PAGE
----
The 2021 Met Gala is upon us. Here’s everything to know about the fashion event
After last year’s fashion spectacular was canceled due to the COVID-19 pandemic, the Met Gala has officially returned to New York City.
Hosted, as always, by longtime Vogue Editor in Chief Anna Wintour, this year’s stylish soiree is certain to feature an array of fabulous looks served by celebrity guests — who’ve ranged in the past from Rihanna to assorted Kardashians.
Per tradition, the red-carpet extravaganza will raise awareness and funds for the latest exhibit curated by the Metropolitan Museum of Art’s Costume Institute.
The last Met Gala theme, 2019’s “Camp: Notes on Fashion,” saw the posh party’s esteemed guests model a slew of cheesy, over-the-top fashion don’ts created by the world’s top designers.
At face value, this week’s style prompt is slightly more serious — though, by design, there’s always ample room for interpretation. Here’s a breakdown of what to expect at Monday’s runway show.
You would be forgiven if you had mistaken Elle Fanning for Lady Gaga, Mindy Kaling for Donatella Versace or Priyanka Chopra for Effie Trinket while watching the celebrity arrivals at the 2019 Met Gala.
What time is the show and where can I watch it?
The 2021 Met Gala will take place Monday at the Metropolitan Museum of Art in New York. Starting at 2:30 p.m. Pacific time, a livestream of the event will be available on the Vogue website and Twitter account.
Who are the co-chairs?
A panel of Gen Z superstars has been tapped to oversee this year’s ball.
Oscar-nominated actor Timothée Chalamet, Grammy-winning singer Billie Eilish, Japanese tennis champion Naomi Osaka and Biden inaugural poet Amanda Gorman will serve as co-chairs of the event. In May, 19-year-old Eilish became the youngest person ever tapped to co-chair the Met Gala.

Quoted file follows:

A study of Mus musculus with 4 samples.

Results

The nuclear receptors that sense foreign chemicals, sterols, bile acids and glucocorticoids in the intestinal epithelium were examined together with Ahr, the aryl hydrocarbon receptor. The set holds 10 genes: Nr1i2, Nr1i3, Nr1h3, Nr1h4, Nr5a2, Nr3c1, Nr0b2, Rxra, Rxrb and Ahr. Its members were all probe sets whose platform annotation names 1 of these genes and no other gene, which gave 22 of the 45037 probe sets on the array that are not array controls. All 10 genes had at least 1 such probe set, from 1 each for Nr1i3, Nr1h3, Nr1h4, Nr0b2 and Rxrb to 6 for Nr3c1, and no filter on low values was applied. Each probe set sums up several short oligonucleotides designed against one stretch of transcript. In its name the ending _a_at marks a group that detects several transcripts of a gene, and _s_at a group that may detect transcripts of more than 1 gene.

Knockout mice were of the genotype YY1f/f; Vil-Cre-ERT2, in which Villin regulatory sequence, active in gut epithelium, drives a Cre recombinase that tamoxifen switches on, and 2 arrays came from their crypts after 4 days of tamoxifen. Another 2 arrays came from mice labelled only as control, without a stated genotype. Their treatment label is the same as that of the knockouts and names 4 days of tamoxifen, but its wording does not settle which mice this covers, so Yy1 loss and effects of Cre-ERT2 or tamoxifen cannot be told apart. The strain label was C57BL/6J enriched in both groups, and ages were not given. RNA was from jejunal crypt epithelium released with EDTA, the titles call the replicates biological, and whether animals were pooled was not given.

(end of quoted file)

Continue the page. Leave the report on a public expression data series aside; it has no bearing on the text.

Famed designer Tom Ford and head of Instagram Adam Mosseri have been named honorary chairs alongside Wintour.
Who’s on the guest list?
As usual, the Met Gala guest list is being kept under lock and key until the glamorous invitees debut their couture creations the night of the event.
Typically, the star-studded red carpet is populated with the world’s hottest models, Hollywood A-listers and social media influencers.
Aside from the co-chairs, at least two celebrities guaranteed to be in attendance are actors Keke Palmer and Ilana Glazer, appointed by Vogue to interview their famous peers for the red-carpet livestream.
What’s the theme?
The dress code for this year’s style-palooza is “American Independence,” so you can expect the night’s attendees to display — through clothing — what patriotism means to them.
“I’ve been really impressed by American designers’ responses to the social and political climate, particularly around issues of body inclusivity and gender fluidity, and I’m just finding their work very, very self-reflective,” Andrew Bolton, the Wendy Yu curator in charge of the Costume Institute, told Vogue.
“I really do believe that American fashion is undergoing a renaissance,” Bolton added. “I think young designers in particular are at the vanguard of discussions about diversity and inclusion, as well as sustainability and transparency, much more so than their European counterparts, maybe with the exception of the English designers.”
Previous Met Gala themes have taken inspiration from a wide range of style movements, including punk, technology, the heavens and Catholicism.
And the exhibit?
Oh, right. The exhibit. This year’s fashion display will be divided into two parts: “In America: A Lexicon of Fashion” and “In America: An Anthology of Fashion.”
Opening Sept. 18 at the Met’s Anna Wintour Costume Center, “A Lexicon of Fashion” will celebrate 75 years of the Costume Institute, which has designed the exhibit to look like a home — complete with interconnected rooms through which visitors can walk.
Works by Christopher John Rogers, Sterling Ruby, Conner Ives, Prabal Gurung and Andre Walker will be showcased in the first half of the exhibit.
Debuting May 5 in the Met’s American Wing, “An Anthology of Fashion” will have a more cinematic feel, influenced by American filmmakers to illustrate a timeline of style throughout United States history.